We had hundreds of exhibits to manage, and we hired a trial technician to put the exhibits on a large screen for arbitrators. My cover letter spent a disproportionate amount time on that screen, much to my chagrin. The implication was that counsel had sent only the favorable evidence to the expert. But, as a point in fact, we had sent the eighth audit via a separate cover letter. The opposing counsel, in a flourish during cross examination, brought that last audit out. He dropped the audit – which was close to three standard reams of paper – on the table. It made an audible thud. He asked: "Did you miss this in your analysis?"

We won the case, but these moments made a lasting impression on me. There is a place for electronic presentation in the courtroom. There is also a place for tangible evidence that the fact finder can handle, touch, and feel. The trick to an effective trial presentation is managing both issues. This article will touch on a few of the key issues in bringing technology to the courtroom and making the most effective case presentation.

Early Decisions

Our eDiscovery team supports Baker Donelson's trial lawyers throughout its footprint. The trial planning starts with the first client interview and determining the right eDiscovery technology. Many (if not the vast majority) of modern cases require some level of electronic evidence, which must be effectively managed. This volume can run from several thousand documents to millions, depending on the case size, case subject, and amount at issue. The first step is picking the right eDiscovery technology that scales to the management of that case and its needs. We are constantly evaluating eDiscovery technology and vendors to find technology that is the right fit in terms of cost, scalability, and functionality.

Because eDiscovery technology is the tool that will, eventually, "feed" the trial with its documentary evidence, it is important to choose wisely. On one hand, the wrong eDiscovery tool can simply cost too much. In a recent case, we saved a client 80 percent of its technology fees as part of a vendor estimate by better planning and thoughtful lawyering. On the other hand, it may be important to consider downstream fact management and transcript tools that will allow better evidence management. Baker Donelson has worked with different eDiscovery technologies to ensure that our trial lawyers have the right tool for the job.

Flexibility and Trial Planning

There is no one-size-fits-all for trial planning. All of Baker Donelson's trial lawyers are bringing their highly developed and honed experience to bear in a particular setting for a particular type of trial. Thus, the trial planning must be flexible in order to meet the particular needs of that case. As depositions are taken and exhibits identified, various resources need to be available to manage that evidence and support the trial team preferences. The key is to meet the trial team where they are and help them get to where they want to be.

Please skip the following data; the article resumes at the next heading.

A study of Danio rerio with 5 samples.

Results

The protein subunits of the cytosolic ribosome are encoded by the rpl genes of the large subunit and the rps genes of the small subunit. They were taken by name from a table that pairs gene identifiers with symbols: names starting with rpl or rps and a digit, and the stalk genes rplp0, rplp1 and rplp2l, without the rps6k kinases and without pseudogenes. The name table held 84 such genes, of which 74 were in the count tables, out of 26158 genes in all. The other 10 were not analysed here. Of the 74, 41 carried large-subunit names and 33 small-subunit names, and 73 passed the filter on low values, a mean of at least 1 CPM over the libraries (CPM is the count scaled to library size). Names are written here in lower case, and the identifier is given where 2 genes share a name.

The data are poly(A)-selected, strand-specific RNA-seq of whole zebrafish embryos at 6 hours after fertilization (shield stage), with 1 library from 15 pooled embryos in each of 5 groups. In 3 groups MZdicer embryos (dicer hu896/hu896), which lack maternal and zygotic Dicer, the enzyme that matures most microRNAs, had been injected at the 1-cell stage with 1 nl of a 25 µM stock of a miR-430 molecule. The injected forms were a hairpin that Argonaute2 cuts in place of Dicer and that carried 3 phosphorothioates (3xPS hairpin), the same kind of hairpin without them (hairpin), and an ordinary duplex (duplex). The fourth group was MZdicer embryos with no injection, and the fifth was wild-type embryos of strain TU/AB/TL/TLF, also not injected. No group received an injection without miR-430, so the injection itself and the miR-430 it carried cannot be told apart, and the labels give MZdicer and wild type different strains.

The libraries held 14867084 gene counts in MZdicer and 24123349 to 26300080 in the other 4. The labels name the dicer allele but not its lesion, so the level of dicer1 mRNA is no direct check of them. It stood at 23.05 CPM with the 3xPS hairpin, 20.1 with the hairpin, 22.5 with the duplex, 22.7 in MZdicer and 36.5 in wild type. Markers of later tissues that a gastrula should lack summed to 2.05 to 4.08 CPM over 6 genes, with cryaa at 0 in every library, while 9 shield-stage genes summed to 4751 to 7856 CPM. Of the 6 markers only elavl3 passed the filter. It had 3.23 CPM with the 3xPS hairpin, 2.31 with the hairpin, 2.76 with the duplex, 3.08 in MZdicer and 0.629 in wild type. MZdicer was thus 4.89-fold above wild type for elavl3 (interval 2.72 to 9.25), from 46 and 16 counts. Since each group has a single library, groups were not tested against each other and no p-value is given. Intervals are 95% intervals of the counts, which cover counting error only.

This means that the Client Services Group (CSG), Information Technology (IT) and the eDiscovery teams come together to make available a suite of tools that allows the trial lawyer to leverage their experience to prepare for trial. Whether it is specialized tools for transcript management, on-site war rooms for the trial team, or reconnaissance of the court room capabilities, Baker Donelson ensures that the trial lawyers have the flexibility to try the case with confidence. We also have a network of highly experienced trial support specialists that are available as trials get closer, to assist with the actual courtroom work.

The Place for High- and Low-Tech

You can make a big impression with video evidence, whether of a deposition excerpt or a video of the property that is on trial. For instance, our eminent domain trial team, led by Joe Conner, defends privately-owned water utilities from municipal takeovers. Joe has used drone footage and interactive maps of the water systems to demonstrate their breadth and scope. Video evidence is an effective way of demonstrating the size of a water transmission system that exists, largely, underground.

But there remains a place for the tangible. Trial lawyers recognize the importance of the fact-finder being able to pick up the paper record, compare documents, and have access to the materials. This is a different experience than looking at it on a screen – as many of our desks show, given that many of us print the important documents that we want to handle. The same condemnation team will often dig up samples of the water transmissions mains, some decades old. Joe uses these pipe samples to demonstrate the condition of the system that the government is seeking to take. You can hold that material in your hands, visually assess it, and consider its overall meaning better in that tangible form. People react differently to touch, and teams across our footprint are skilled in knowing how to make the maximum impact.

Conclusion

Cases, like the trial lawyers who try them, come in many varieties. From start to finish, the technology options must scale to meet the needs of both the case itself and the trial lawyers involved. Inflexibility is not an option. The trial should always be the most important consideration, and the eDiscovery tool should be scaled and scoped to meet the merits. As the trial date nears, the technology must adapt to its needs and any remaining issues. In the actual presentation, the trial must have the flexibility to be high-tech in the presentation, while retaining the option to make an impact with more tactile evidence. This is the technology recipe for a successful trial presentation strategy.